I walked into my experience as a high school English teacher in Atlanta, Ga., confident that because I was from a low-income background and African-American, I would know exactly what my students needed. I assumed what had made a difference for me would put them on the right track. I am ashamed to admit I once believed that since I had worked hard and earned success, that they could easily do the same. Talking without listening was the wrong approach to take in working with my students.
A common tenet of social justice work is, “Just because you are, does not mean you understand.” This statement negates the idea that simply being a particular gender, race, ethnicity or of a particular sexual orientation means one knows all there is to know about the narrative of the group. It appears to be a common mistake of well-intentioned people to assume this, particularly when they volunteer and work with underprivileged groups to which they belong. I clung to this belief when I joined Teach For America immediately after graduating from Ithaca College in 2009.
At first, my students did not trust me. They questioned the motive behind everything I said and every move I made. In my third month teaching one of my seniors asked me, “What is someone like you doing in a place like this?” I explained that I was there to give them an education and help get them to college. I went on to say that I knew what they were going through and what life was like because I had been there too. Another student chuckled and said, “See, that is the problem with you teachers. You all think because we look alike that you know what we need and what we want, but no one has ever asked us those questions.” My students wanted to be included in the conversation about what they needed and not have their needs prescribed to them. That student’s response was by far the most profound thing I had ever heard and shaped my philosophy for my career in education.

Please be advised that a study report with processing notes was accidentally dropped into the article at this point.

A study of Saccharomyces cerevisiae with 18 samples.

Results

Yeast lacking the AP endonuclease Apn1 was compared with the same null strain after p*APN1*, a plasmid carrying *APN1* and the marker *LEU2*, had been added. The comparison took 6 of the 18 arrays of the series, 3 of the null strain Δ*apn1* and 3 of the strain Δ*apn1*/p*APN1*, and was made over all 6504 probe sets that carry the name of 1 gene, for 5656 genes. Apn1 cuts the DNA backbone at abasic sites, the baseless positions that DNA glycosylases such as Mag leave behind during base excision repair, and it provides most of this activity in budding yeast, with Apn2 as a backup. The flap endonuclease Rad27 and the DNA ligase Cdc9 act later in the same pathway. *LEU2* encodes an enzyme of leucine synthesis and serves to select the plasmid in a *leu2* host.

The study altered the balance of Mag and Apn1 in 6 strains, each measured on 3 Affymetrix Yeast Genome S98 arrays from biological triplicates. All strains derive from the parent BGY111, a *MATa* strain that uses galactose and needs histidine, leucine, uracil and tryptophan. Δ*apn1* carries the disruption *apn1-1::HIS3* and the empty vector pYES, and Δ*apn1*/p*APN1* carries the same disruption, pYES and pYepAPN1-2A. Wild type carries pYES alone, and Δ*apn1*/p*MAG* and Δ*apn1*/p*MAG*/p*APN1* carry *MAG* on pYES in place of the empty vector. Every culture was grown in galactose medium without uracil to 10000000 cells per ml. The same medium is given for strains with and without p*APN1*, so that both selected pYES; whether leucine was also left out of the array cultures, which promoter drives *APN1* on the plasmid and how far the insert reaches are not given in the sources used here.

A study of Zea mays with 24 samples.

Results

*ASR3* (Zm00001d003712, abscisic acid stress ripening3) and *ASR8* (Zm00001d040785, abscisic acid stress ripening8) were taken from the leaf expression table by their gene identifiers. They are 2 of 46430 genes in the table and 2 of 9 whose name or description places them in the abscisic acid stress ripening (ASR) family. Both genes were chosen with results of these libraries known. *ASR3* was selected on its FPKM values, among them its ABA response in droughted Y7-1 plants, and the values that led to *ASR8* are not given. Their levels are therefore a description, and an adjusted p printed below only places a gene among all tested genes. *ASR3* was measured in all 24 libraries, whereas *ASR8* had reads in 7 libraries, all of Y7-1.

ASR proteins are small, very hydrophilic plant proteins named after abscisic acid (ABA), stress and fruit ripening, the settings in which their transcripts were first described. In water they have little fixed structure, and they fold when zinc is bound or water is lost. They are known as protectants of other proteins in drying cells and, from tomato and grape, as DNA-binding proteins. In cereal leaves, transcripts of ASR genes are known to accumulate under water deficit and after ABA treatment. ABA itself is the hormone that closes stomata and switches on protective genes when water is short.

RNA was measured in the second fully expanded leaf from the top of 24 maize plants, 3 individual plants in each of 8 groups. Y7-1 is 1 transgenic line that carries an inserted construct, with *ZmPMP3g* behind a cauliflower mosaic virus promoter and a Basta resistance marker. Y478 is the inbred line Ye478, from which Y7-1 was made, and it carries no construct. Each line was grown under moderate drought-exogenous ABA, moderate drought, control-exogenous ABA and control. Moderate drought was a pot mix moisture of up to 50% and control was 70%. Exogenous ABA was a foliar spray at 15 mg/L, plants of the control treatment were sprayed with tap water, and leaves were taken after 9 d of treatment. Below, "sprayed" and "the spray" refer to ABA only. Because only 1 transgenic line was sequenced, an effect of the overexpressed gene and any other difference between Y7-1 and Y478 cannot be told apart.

This issue requires an understanding that one size does not fit all when it comes to working with our youth. Closing our nation’s educational opportunity gap will demand creativity and patience to consider the variety of narratives that exist. While many of my students were oftentimes experiencing the same issues, those issues affected each of them very differently. I had no two students with the same narrative; they were remarkably unique. Therefore, it required me to approach our classroom work together from different angles and to be prepared to change my strategies at the drop of a dime.
I encourage everyone, regardless of background or chosen profession, to consider their role in making sure that all America’s children have equal access to a quality education. This is not a black issue or a poor issue, it is an issue that affects us all. Teach For America and my students challenged me to never stop learning and to never think I know all there is to know about this work. For when we do, then we have surely lost.
To learn more about Teach For America, visit www.teachforamerica.org.
Cornell Woodson ’09 is a graduate student at the University of Vermont and former Teach For America corps member. Email him at email@example.com.